Jacksonville State Rep. Jason Fischer is wrapping up his first year in the State Legislature, and a Friday morning conversation in a local coffee house saw the freshman Republican in a reflective mode – both about the just concluded Legislative Session, and about local politics.
One positive sign Fischer sees: the ascension of a political ally, Anna Brosche, to the Presidency of the Jacksonville City Council.
Fischer supported Brosche in her 2015 Presidential race, and is “excited to help her work her year” in the Council Presidency.
Fischer, who served on the Value Adjustment Board with Brosche’s opponent, John Crescimbeni, has a “good relationship” with him as well.
But Fischer couldn’t help but be excited by “new leadership,” including VP Aaron Bowman – who Fischer reflexively calls “Captain Bowman.”
Committee weeks are not all that far off for the Florida Legislature, with a start expected in early-September.
And in that context, Fischer plans to spend time with Council leaders, as well as representatives of Council districts in his Southside Jacksonville State House district, to determine their individual priorities.
Some of those meetings look likely to happen more quickly than others.
Fischer will meet with Councilman Danny Becton after Memorial Day.
However, one Councilman – Matt Schellenberg – may be a more difficult get.
Schellenberg wrote a letter to the Florida Times-Union a few weeks back saying that the Duval Delegation brought home “crumbs” and that they were slaves to House Leadership.
As well, Schellenberg has publicly and privately communicated his frustration with Fischer, including teasing a run for State House in 2016 and then not ruling out a run against Fischer in 2018.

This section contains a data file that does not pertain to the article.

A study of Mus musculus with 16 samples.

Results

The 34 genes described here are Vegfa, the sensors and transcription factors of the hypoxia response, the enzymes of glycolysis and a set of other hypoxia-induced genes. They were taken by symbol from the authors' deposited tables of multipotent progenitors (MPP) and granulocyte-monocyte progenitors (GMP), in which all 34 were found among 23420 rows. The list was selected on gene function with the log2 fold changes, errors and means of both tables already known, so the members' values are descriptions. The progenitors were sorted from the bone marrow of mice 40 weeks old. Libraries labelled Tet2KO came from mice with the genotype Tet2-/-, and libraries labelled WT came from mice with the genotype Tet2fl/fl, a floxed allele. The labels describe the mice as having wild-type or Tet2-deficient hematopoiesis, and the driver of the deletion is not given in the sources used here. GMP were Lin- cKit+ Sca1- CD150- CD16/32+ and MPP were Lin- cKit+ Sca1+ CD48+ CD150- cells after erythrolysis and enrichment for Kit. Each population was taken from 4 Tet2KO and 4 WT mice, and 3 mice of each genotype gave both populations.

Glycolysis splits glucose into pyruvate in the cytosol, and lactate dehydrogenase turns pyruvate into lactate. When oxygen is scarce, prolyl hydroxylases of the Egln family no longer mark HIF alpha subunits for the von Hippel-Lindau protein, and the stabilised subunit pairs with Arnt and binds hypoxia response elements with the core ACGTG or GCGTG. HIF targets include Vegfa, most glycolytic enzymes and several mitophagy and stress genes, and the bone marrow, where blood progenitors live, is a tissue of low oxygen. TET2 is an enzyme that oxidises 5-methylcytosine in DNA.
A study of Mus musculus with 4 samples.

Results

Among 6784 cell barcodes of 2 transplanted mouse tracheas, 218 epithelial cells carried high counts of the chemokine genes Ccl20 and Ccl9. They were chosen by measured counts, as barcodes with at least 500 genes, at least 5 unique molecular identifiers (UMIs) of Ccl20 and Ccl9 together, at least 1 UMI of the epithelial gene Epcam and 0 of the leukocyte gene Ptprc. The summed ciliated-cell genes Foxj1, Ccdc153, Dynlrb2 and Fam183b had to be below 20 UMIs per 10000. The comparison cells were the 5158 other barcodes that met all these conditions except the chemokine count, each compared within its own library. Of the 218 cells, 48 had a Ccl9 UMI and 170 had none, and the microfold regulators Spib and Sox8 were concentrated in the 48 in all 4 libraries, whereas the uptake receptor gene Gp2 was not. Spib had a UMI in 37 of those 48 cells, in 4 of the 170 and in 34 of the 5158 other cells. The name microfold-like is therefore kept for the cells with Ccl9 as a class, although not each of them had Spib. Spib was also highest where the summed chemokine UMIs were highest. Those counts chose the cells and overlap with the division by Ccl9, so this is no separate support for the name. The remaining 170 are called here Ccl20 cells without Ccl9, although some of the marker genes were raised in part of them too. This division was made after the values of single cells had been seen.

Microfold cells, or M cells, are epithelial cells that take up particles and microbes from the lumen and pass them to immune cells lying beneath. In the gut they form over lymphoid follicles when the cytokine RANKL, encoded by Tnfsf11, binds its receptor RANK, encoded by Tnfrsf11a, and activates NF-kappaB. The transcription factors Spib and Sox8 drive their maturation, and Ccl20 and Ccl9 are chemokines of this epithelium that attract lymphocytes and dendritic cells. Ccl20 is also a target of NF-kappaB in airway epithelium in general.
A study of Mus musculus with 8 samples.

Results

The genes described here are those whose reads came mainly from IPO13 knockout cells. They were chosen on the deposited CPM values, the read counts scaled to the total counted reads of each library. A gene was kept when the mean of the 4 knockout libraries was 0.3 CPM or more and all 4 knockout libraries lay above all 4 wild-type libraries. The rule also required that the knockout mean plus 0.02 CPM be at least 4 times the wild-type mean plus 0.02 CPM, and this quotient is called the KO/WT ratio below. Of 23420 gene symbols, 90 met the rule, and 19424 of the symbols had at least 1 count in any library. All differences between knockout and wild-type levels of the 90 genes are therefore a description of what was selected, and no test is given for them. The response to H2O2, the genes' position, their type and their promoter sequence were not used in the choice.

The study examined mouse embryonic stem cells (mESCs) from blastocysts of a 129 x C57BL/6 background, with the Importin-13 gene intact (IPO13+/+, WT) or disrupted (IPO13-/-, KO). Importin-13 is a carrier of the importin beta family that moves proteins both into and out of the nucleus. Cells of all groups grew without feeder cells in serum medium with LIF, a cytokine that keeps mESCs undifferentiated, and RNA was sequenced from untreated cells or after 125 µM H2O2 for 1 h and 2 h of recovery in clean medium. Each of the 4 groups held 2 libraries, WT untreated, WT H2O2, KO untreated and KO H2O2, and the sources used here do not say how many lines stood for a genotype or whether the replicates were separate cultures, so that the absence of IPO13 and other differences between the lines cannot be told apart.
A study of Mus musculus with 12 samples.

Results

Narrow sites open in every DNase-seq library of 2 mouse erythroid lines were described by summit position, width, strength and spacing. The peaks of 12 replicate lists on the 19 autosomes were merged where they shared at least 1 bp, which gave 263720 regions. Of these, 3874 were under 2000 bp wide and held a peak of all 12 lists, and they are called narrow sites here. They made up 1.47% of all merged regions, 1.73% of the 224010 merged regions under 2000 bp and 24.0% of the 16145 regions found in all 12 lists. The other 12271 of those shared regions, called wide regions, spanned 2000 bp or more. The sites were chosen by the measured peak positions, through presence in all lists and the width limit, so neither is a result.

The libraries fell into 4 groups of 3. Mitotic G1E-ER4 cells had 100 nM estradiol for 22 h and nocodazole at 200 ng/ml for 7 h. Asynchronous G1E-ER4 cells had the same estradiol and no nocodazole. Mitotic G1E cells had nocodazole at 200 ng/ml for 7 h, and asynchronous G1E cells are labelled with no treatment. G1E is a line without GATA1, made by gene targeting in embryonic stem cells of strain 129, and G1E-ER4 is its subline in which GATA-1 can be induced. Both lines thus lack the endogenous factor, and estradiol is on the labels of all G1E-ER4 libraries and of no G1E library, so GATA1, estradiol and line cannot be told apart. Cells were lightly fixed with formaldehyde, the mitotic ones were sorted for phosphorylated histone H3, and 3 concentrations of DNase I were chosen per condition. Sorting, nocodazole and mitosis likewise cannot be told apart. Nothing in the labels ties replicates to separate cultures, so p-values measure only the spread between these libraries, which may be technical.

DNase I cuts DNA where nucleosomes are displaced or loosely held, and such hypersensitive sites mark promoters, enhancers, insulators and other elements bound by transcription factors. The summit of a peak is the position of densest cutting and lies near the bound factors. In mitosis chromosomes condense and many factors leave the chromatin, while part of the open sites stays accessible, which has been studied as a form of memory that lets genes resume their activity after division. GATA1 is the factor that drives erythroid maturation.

Fischer relates that he heard from colleagues after Schellenberg’s latest shot across the bow of his fellow Republican, and they were surprised.
“Most of us thought we had a good, strong session,” Fischer said about “Team Northeast Florida,” with “great things all over the region,” especially in terms of water projects and transportation projects.
While it is unknown when Northeast Florida will have its next House Speaker, the delegation finds “strength in working together” to “make sure North Florida is taken care of.”
“Everybody got to eat,” Fischer said.
Fischer filed some ambitious bills in session, including two that would have offered meaningful pension reform.
House Bill 353 would have foreclosed enrollment in the Florida Retirement System’s defined benefit plan to any city not currently involved.
House Bill 603 would have put a check on the often optimistic rates of return on investments that create a rosier picture of solvency than actually exists in local pension plans.
Neither bill got through the legislature, and they especially struggled in the Senate, yet the filings of the bills were significant in themselves.
“Pensions are not a sexy topic,” Fischer said, but “if we don’t do something now, we will have to pay the piper.”
With just six bill slots, Fischer has to pick his spots – so expect to see another try for the rate of return legislation next session.
One bill that Fischer has messaged strongly on – and has gotten pushback as a former Duval County School Board member: HB 7069, the “Schools of Hope” bill that is controversial with many local-level policy makers.
The bill has yet to be presented to the Governor, and it is undetermined when that bill will land on his desk.
Yet Fischer contends that there would be unintended consequences to any veto, including a loss of teacher bonuses in the bill, and other “policies the Governor has shown evidence of supporting in the past.”
Ultimately, Fischer sees a cognitive dissonance among bill opponents, noting that “school choice”, as it stands now, is a concept some enjoy more of than others.
“If you’re wealthy, you can pick up and move anywhere, send kids to private schools. For the middle class, there is some level of school choice,” Fischer said, such as moving to a “better neighborhood school.”
For those in the working class, who may have been served by so-called “failure factories” for generations, Fischer summed it up.
“No choice,” said Fischer, equates to “no hope.”
Bad neighborhood schools can lead to generational learning deficits, and these necessitate the creation of options, both “lifting up traditional schools” and providing other avenues.
“It’s not ‘either/or’,” Fischer said. “It’s ‘and’.”
When considering dropout rates, Fischer notes that “disengaged kids can drift out long before they drop out.”